Reawakened Ancient Retrovirus in DNA may be Behind ALS Cases
What does it mean for future ALS solutions?
An ancient virus that has laid dormant in our DNA for what researchers say is millions of years may be springing to life and causing amyotrophic lateral sclerosis (remember the ice bucket challenge), researchers announced Thursday.
Researchers say the HERV-K virus became a permanent part of the human genome some 2-5 million years ago. HERV-K is a human endogenous retrovirus that injects its own genetic material into cells, where they sometimes stay forever.
These retroviruses get passed on from generation to generation, just like the genetic traits that determine our eye or hair color. According to scientists, about 8% of the human genome is made up of viruses. Sometimes the viruses cause cancer or other diseases, but they normally just sit there, undetected. (Though a new test claims to detect virtually any virus.) HERV-K is believed to be one cause of breast cancer.
Scientists believe HERV-K could be “reawakening” in patients, causing ALS, a disease that robs patients of the ability to walk, talk, eat, and eventually breathe. There is no accepted cure for ALS, also known as Lou Gehrig’s disease. 
The National Institutes of Health study is the brainchild of Dr. Avindra Dr. Nath, a former AIDS researcher who found that anti-HIV drugs could successfully help AIDS patients suffering with an ALS-like syndrome.
Dr. Nath decided to organize the study when he learned that some patients with ALS showed evidence of retrovirus activity in their blood.
When Dr. Nath and his team examined ALS patients, they found that elevated HERV-K levels in brain samples taken from some of the patients. Additional tests proved that the retrovirus had come alive in those individuals. Additionally, activated HERV-K genes were observed to kill healthy human neurons grown in petri dishes.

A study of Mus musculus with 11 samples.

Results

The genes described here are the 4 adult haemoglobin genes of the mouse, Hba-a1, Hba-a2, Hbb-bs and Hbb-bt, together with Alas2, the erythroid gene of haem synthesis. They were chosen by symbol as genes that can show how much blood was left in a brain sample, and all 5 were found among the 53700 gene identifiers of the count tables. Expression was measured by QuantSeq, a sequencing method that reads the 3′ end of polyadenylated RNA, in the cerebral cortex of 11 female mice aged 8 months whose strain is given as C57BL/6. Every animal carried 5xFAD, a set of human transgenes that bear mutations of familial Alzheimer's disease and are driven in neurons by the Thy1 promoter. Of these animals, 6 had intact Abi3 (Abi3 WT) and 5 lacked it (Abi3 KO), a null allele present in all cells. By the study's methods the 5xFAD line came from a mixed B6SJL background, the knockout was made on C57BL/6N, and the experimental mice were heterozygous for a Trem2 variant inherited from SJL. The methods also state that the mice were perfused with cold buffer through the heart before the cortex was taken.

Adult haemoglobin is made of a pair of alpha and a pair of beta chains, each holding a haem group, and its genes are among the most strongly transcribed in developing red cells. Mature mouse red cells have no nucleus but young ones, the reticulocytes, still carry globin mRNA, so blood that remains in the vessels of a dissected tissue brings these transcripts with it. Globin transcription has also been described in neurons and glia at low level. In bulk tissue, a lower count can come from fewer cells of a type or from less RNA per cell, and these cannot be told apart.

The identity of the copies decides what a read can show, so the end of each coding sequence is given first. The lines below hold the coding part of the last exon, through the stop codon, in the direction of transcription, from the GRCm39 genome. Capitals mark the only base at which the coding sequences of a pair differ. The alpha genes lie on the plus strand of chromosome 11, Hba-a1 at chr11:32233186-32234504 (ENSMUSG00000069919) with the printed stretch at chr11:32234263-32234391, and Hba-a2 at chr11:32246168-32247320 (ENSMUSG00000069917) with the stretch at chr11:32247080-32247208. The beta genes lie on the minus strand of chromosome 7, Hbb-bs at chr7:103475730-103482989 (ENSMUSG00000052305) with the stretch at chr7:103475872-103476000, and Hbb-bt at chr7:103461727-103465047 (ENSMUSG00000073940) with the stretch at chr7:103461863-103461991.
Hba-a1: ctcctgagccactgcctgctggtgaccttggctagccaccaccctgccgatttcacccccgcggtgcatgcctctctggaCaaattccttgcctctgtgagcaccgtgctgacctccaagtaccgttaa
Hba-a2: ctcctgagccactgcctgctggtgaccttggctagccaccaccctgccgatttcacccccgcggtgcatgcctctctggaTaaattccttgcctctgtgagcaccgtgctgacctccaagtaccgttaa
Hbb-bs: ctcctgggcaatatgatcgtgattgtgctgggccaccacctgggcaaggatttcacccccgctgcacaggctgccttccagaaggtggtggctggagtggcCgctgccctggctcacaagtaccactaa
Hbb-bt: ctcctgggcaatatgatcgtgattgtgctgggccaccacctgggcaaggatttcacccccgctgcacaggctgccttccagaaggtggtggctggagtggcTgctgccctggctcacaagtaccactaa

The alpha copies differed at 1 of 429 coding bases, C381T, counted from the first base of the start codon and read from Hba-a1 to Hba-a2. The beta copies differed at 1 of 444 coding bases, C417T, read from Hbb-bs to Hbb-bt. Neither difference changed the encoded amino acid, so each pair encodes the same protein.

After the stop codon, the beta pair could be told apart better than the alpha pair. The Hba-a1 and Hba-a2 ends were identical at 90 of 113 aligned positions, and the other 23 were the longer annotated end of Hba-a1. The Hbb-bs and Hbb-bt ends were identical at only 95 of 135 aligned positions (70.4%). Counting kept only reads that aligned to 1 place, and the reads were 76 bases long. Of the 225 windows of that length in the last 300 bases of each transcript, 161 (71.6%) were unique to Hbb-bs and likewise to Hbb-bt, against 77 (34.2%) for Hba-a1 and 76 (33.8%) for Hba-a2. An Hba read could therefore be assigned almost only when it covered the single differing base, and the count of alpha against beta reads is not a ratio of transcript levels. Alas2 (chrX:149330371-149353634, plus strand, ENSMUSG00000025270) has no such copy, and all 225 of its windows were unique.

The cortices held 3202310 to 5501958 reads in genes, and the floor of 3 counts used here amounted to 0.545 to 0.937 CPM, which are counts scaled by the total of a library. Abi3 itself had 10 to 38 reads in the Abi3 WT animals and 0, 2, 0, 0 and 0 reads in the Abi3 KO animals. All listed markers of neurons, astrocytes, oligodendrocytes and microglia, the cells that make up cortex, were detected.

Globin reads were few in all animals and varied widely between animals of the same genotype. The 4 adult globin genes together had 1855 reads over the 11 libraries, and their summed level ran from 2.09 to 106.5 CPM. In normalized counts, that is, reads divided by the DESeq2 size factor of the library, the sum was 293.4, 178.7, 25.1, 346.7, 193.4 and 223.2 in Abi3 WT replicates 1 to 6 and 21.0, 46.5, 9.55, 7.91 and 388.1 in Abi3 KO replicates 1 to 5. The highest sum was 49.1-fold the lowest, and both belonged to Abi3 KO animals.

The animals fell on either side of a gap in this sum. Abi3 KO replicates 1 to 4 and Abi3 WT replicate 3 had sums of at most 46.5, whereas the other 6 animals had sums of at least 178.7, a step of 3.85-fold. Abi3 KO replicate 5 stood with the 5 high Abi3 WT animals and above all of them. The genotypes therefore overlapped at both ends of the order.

“The virus was expressed in cortical and spinal neurons of ALS patients, but not in neurons from control healthy individuals,” they wrote in their report, published in Science Translational Medicine.
Dr. Nath and his colleagues genetically modified mice to so that their neurons activated the gene and found that the mice died sooner than normal and struggled to walk and maintain their balance (unfortunate, I know). Their mobility worsened as the mice aged.
When the team examined the mice’s brains, spinal cords, and muscles, they discovered that only motor neurons – the cells that control movement and die in ALS – were damaged. Cells in other parts of the nervous system were untouched.
“We showed that motor neurons may be susceptible to activation of these genes during ALS,” said Dr. Nath. 
It’s not clear what activates the genes, but physical trauma and exposure to certain chemicals have been linked to ALS.
Now, the scientists want to recruit patients with ALS who also show HERV-K activity to find out if HIV drugs reduce the gene activity. We’ll never be able to remove the retrovirus from human genes, but HIV drugs may be able to help treat people who have ALS until a better, accepted solution is found.
 NBC News
Julie Fidler has written hundreds of articles on key world topics such as health, drugs, and law. She is also the author of Adventures in Holy Matrimony: For Better or the Absolute Worst. Oh, and she loves to take care of two ridiculously- spoiled cats in her free time.